Voting is a right that doesn’t always come easy for Americans who speak English as a second language.
While federal law requires ballots to be translated into many languages, there are several languages that are not included.
Dearborn, Michigan is the first city to offer ballots that are translated into Arabic.
“This is an all-American city football here is like football in Texas,” said Dearborn Mayor Abdullah Hammoud.
Mayor Hammoud's city, just outside Detroit, carries a uniquely important role to millions of Americans.
“The City of Dearborn has the largest concentration of Arab Americans outside of the Middle East, so for Arab Americans, it's the capital of Arab America," Hammoud said
Hammoud grew up in Dearborn where he says Arabic is the primary language for about 40% percent of the people.
During 2022's Michigan primary, Dearborn offered its voters a ballot that was in Arabic. Voters in nearby Hamtramck, which also has a large immigrant community, also had Arabic-translated ballots.
While U.S. citizens are expected to understand English, Hammoud says ballots are on a different level.
"For me, I grew up speaking Arabic in the household but when I ran for office, I never learned the political terms in Arabic in the household. I learned the basics: "What are you eating today?" "How’s the weather?" "What are you going to school for?" I never learned, "What is the environmental impact on this part of town?" Never learned that in Arabic," he said.
Arabic is one of the fastest growing languages in the country, but it’s not recognized in the Voting Rights Act, which includes a section meant to help those whose native language isn’t English.
"So, the legislation was written such that if ten thousand people or five percent of the population of political jurisdiction primarily speak a language other than English, right, they could be included," said Luis Ricardo Fraga, director of the Institute of Latino Studies at Notre Dame.
Fraga said only groups considered "language minorities" listed in the law qualify for federal translation help. Those groups are Spanish, Asian, Native American, and Native Alaskan.
Those who speak Arabic as their first language aren't the only ones who face this issue, Creole is the first language for many of the more than a million Haitian Americans in the country.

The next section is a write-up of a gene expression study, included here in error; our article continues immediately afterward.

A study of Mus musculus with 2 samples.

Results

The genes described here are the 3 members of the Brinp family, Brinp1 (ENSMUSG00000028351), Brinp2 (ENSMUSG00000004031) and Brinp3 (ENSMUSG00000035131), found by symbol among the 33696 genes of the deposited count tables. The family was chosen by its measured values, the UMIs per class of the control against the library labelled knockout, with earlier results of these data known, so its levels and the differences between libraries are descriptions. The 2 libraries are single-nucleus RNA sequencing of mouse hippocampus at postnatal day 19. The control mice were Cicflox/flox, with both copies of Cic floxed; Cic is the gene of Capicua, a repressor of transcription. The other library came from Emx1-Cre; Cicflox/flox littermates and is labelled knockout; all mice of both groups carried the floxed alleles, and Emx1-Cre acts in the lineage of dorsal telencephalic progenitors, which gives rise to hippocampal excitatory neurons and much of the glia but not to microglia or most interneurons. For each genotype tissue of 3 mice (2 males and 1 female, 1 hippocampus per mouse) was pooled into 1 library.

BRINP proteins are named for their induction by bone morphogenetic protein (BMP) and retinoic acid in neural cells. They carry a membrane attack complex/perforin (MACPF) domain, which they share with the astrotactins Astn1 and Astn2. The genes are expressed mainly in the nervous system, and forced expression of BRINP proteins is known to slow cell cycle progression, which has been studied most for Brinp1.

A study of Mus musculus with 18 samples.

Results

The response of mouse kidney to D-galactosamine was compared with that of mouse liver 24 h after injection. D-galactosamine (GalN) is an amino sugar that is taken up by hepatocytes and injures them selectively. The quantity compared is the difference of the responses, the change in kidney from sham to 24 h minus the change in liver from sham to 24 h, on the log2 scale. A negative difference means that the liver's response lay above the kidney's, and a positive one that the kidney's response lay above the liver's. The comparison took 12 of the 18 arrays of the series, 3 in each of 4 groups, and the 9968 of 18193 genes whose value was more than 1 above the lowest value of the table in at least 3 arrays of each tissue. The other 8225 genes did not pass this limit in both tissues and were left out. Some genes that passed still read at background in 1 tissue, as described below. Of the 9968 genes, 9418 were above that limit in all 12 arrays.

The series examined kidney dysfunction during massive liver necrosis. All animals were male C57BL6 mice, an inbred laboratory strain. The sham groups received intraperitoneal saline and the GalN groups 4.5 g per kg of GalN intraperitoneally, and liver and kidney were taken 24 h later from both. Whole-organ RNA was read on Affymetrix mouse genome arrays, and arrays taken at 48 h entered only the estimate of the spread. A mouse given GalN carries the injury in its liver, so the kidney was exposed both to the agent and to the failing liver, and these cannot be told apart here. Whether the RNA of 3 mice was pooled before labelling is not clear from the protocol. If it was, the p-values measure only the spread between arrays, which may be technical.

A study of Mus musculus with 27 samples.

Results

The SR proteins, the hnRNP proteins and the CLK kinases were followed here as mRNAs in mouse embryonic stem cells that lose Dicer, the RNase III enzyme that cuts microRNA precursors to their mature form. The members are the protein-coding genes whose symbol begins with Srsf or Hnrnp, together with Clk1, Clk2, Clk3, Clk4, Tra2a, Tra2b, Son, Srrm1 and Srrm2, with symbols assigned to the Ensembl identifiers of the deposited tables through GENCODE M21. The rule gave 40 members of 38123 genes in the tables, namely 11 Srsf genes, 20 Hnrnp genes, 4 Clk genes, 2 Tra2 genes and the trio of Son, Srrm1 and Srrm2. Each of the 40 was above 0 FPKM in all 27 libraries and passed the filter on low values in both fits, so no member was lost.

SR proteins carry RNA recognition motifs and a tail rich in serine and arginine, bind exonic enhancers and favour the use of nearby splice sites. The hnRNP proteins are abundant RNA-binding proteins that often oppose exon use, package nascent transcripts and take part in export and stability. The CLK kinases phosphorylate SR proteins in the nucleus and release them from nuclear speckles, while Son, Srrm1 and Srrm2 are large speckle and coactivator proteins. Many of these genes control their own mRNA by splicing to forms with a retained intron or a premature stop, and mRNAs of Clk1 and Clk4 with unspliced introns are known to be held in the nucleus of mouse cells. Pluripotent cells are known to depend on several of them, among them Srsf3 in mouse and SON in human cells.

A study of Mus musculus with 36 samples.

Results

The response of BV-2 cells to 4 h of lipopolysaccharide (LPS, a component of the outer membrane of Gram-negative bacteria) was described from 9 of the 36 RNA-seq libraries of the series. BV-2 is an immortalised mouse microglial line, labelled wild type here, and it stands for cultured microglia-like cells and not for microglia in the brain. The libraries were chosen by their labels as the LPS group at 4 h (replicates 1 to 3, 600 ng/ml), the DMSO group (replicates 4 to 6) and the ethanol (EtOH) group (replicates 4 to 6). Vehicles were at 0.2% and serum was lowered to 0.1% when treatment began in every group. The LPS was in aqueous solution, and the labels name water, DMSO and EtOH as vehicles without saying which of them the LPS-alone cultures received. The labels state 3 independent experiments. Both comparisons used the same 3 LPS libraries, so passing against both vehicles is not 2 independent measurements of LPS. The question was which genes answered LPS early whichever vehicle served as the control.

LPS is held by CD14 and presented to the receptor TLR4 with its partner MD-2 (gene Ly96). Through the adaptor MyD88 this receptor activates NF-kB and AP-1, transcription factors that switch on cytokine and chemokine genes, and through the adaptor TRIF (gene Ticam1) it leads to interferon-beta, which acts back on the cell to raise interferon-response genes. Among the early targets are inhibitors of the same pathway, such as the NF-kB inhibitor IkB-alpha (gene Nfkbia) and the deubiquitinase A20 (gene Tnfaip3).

“There are words you say in Creole that resemble English," said Frantz Sonnen. "It's really unique.
Sonnen is a U.S. citizen who came to the United States in the 1980s from Haiti. Today he is a minister who helps St. Louis' Haitian community. He says Creole-translated ballots would send a message to his community.
"It would mean a lot. It would mean that they matter. It would mean that their voice can be heard," Sonnen said
Dearborn isn't the only place where there is a push to expand translated voting materials.
Shams Al-Badry is with the Arab American advocacy group ACCESS.
She says there is sometimes pushback to expanding language access in some parts of the country.
"A lot of the pushback is if you’re voting in America, you should be able to speak English," she said. "But it’s not something everyone in our country speaks fluently."
For November's midterm elections, Dearborn voters will have access to Arabic-translated ballots again.
"Why not make the democratic process a little easier and ensure that people who want to vote and be part of the election process in the language that they’re comfortable speaking?" Al-Badry said
Dearborn also passed an ordinance that says ballots will be translated into any language that more than five percent of the community speaks.
“If you’re able to allow a voter to walk in and make a more informed decision, I think it only betters the entirety of our democracy," Mayor Hammoud said.